Garfield, who directed “Artifact” and was laid off from Valve earlier this year after the digital collectible card game flopped, explained that there were a few problems that led to the game’s failure.
“My perspective was that there were three problems – the revenue model was poorly received, there weren’t enough community tools and short-term goals in place online like achievements or missions, and, perhaps because of these things, there was a rating bombing that made it hard to get the message out about what the game offered to the player who it was built for,” Garfield said.
The problem Garfield went into the most detail about was the revenue model of the game, which some have criticized as being “pay-to-win.”
Garfield explained that it’s too simplistic to call “Artifact” a pay-to-win game because having funds doesn’t mean you can be an “excellent player.”
“To me there are two important parts of pay-to-win,” Garfield said.” The first is whether buying something will make you a champion. This is not true for ‘Hearthstone,’ ‘Magic,’ or for that matter, golf. It also isn’t true for ‘Artifact.'”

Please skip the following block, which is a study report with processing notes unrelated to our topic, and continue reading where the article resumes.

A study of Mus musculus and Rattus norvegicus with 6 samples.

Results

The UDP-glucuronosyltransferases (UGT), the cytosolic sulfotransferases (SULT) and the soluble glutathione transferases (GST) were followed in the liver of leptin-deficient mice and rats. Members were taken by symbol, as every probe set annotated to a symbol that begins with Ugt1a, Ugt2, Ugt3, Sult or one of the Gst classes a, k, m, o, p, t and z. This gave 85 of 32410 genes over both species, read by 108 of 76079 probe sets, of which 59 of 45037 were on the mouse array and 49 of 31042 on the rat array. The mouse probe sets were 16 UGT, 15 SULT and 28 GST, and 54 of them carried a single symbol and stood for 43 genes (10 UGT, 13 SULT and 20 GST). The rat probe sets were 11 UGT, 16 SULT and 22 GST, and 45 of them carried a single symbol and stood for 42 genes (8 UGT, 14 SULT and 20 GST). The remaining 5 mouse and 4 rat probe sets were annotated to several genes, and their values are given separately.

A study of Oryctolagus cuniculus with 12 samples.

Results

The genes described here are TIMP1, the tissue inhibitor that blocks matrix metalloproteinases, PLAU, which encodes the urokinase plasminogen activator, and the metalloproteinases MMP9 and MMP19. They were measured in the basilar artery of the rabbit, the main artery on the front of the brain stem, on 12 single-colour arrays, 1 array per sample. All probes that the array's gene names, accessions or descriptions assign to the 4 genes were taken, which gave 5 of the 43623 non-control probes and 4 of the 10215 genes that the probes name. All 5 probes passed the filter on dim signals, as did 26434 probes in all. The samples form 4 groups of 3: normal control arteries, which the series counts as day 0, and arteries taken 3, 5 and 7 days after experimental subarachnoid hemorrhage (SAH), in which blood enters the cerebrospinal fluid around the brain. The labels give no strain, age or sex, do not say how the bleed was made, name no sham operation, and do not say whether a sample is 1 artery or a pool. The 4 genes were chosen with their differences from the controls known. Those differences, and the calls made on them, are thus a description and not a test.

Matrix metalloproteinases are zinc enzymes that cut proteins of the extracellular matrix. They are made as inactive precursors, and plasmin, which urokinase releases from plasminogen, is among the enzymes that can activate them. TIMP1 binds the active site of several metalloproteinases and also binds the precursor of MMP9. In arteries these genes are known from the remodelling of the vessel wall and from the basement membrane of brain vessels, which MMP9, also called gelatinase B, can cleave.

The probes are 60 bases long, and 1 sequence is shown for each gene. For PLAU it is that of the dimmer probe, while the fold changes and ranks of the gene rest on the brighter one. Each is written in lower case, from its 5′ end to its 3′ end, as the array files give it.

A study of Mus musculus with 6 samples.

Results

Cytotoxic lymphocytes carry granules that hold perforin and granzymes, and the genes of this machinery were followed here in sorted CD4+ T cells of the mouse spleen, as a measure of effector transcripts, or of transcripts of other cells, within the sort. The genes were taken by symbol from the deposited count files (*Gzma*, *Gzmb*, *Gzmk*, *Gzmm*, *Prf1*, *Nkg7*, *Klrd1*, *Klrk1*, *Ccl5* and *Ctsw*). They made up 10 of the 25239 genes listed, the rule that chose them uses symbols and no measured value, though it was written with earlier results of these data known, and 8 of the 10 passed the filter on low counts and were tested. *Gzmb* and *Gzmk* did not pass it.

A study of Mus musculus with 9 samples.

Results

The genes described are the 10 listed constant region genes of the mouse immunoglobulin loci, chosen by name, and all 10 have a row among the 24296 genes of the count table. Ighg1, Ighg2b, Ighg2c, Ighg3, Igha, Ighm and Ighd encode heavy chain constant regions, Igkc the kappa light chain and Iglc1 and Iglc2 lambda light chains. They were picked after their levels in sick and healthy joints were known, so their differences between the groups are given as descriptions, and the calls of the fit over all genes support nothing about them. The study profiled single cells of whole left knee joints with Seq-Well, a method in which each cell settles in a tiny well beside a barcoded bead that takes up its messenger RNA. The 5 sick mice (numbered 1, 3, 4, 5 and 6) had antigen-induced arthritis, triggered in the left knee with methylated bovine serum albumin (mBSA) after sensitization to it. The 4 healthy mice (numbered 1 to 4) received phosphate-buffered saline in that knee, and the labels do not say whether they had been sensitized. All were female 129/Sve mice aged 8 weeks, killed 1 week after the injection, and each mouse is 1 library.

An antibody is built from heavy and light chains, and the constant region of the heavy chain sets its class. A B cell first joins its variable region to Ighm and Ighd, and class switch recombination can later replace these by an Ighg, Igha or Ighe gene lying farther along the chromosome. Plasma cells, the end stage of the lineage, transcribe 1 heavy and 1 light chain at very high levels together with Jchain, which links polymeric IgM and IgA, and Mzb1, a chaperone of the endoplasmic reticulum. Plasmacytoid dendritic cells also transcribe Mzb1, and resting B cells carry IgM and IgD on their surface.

Garfield explained that there are plenty of games that this cannot apply to, because players can buy health or special abilities or whatever is needed to progress, thus “making it possible for you to overcome any problem by spending enough money.”
The other aspect to consider is how much money players can expect to spend in-game.
“The second part of pay-to-win is what the bottom line expenditure is,” Garfield said. “Top level decks in ‘Magic’ or ‘Hearthstone’ generally cost more than top level decks in ‘Artifact.’ And since there is a market, you can shift around your collection with relative ease.”
This monetary difference would be notable to players of “Magic” and “Hearthstone,” but for the average player it was disappointing to have to pay for cards instead of playing for them.
Garfield acknowledged the revenue model issues, which he said “appeared generous to ‘Magic’ players, but stingy to players who expected free-to-play with grinding for cards.”
The in-game cost being too steep was a point of concern in the Variety review of “Artifact”, though the mobile game itself was found to be an “immensely deep game with tons of replay value.”